It should come as no surprise that cloud computing is more significant than it has ever been before. The pandemic affected every industry in unforeseen ways, changing how many businesses run. A cultural shift to begin working from home has influenced organizations of every size. The way that people shop has changed with more focus on delivery and pick-up services; first as a necessity and then later as a hard-won convenience. The world looks vastly different from the one we were used to just two years ago, but does your business model look different, or is it still trying to operate in the same way?
Predictions for the growth of the cloud market all underestimated the boom that came as a result of the pandemic. Still, before anyone knew about COVID-19, cloud platform adoption was already on the rise. As late as 2019, estimates for the growth of cloud computing had predicted that the market would be around $200 billion in 2022. Recent figures show that expectations now outpace that significantly, indicating the market at closer to $450 billion. The use cases for the cloud platform in a pandemic situation are apparent; more people work from home or in a mobile capacity and need access to resources without worrying about physical space. There are some less obvious benefits and changes that have resulted from the chaos of the last few years, and your business can profit from understanding these changes and why they have happened.
You might notice you have less competition than you did a few years ago - only some businesses were able to evolve with the times, and many shuttered their doors for good. Companies that had already adopted the cloud environment or emphasized flexibility could come out ahead. When lockdowns went in place, you were subject to losing out on business if you still needed to set up a WFH infrastructure. If you relied on a physical storefront, you were hurt as keeping locations staffed or attracting customers was challenging. Though many of the effects of the pandemic have waned, businesses have learned to adopt a hybrid solution that allows them to fall back on a WFH structure or rely on it entirely.
The way people interact within the work environment has changed with the shift to WFH. Many interactions can now be analyzed, increasing productivity; however, if too much reliance is placed on this methodology, workers can feel micromanaged. One way to solve this problem has been allowing workers to let loose and collaborate in workplace-managed chatrooms. For example, a few exchanged gifs and office files end up more valuable than time wasted around the kitchenette or coffeepot. Additionally, this kind of collaboration offers many of the same benefits as in-office working when these chat programs are fully utilized. Video meetings and collab tools like Figma have shown that far from being a hindrance to productivity, WFH environments can be much more focused and lucrative if used wisely.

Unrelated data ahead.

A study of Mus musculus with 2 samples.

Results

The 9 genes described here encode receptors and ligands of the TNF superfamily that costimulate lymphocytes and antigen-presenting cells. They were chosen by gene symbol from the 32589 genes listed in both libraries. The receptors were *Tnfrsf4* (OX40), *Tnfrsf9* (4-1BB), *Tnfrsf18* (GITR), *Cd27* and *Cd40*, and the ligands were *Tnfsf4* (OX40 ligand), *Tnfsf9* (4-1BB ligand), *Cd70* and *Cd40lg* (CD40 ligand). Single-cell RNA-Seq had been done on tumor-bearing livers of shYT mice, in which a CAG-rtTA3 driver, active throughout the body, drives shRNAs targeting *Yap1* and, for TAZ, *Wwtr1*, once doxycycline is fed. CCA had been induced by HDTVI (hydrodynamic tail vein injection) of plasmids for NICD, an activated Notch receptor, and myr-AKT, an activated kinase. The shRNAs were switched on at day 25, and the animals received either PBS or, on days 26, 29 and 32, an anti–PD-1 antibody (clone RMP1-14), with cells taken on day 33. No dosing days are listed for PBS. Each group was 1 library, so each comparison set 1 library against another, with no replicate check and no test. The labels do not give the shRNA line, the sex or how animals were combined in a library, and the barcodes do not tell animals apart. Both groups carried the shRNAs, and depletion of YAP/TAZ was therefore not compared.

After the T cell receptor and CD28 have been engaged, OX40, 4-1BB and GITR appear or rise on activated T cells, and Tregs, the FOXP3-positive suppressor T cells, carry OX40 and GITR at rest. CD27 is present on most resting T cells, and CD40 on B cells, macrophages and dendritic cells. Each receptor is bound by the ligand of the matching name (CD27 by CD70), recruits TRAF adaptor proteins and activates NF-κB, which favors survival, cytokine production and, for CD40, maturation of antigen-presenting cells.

Demand for many services and products had extreme fluctuations during the pandemic, fueled by labor shortages and supply chain issues. Organizations that could scale with these rapid movements fared much better than those that didn't. Not relying on physical infrastructure for growth was a massive boon to those that saw demand increase rapidly, only to be blunted when the economic downturn came. Businesses invested in cloud infrastructure only paid for the resources they used and saw extensive cost savings that allowed them to shift priorities when buying trends began to cool.
Hackers could smell the blood in the water, with many businesses clamoring to make their budgets and balance sheets match. With so many problems to focus on, some companies became less security minded and opted for quick solutions to their issues rather than safe ones. When these businesses struggled to move to a WFH environment, they were attacked due to poor security from workers using personal equipment or management failing to establish secure VPN tunnels to work servers. Those that adopted the Cloud platform early had a unified structure for their data, making it much easier to have proprietary data monitored and secured.
Before the pandemic, moving into the cloud made sense from a business perspective. Now that the dust has settled somewhat, it's clear that cloud adoption is a necessity for businesses looking to dodge the next disaster. There are many things you can do to protect yourself and evolve your business at the same time. Utilizing a Managed Service Provider like iTecs is a sure way to keep ahead of these developments, as we are suited to deal with the changing nature of technology and its uses. Those companies with us before and during the pandemic have fared well, as we could protect them from the abovementioned changes. However, those businesses that have tried to face these challenges alone have found cloud adoption difficult due to a severe talent shortage. We wrote about the cloud skill shortage among tech workers last month, and while more workers may move to these fields as they become vital, it will still take time to acquire the skills needed - time that many businesses don't have to wait.
iTecs is well suited to navigate the ever-changing technology space, with our team being experts in all areas of IT. We utilize the Google Cloud platform, Amazon Web Services, and Microsoft Azure. We stay abreast of the many changes these platforms undergo to ensure we get the most out of them for your company. Our ability to adapt quickly allows us to help organizations stay ahead of new threats and adopt technologies that enable them to succeed in this new environment. As the world continues to change, we will continue to adapt to ensure our clients' success. Contact an iTecs Professional today and create a plan for the future of your business.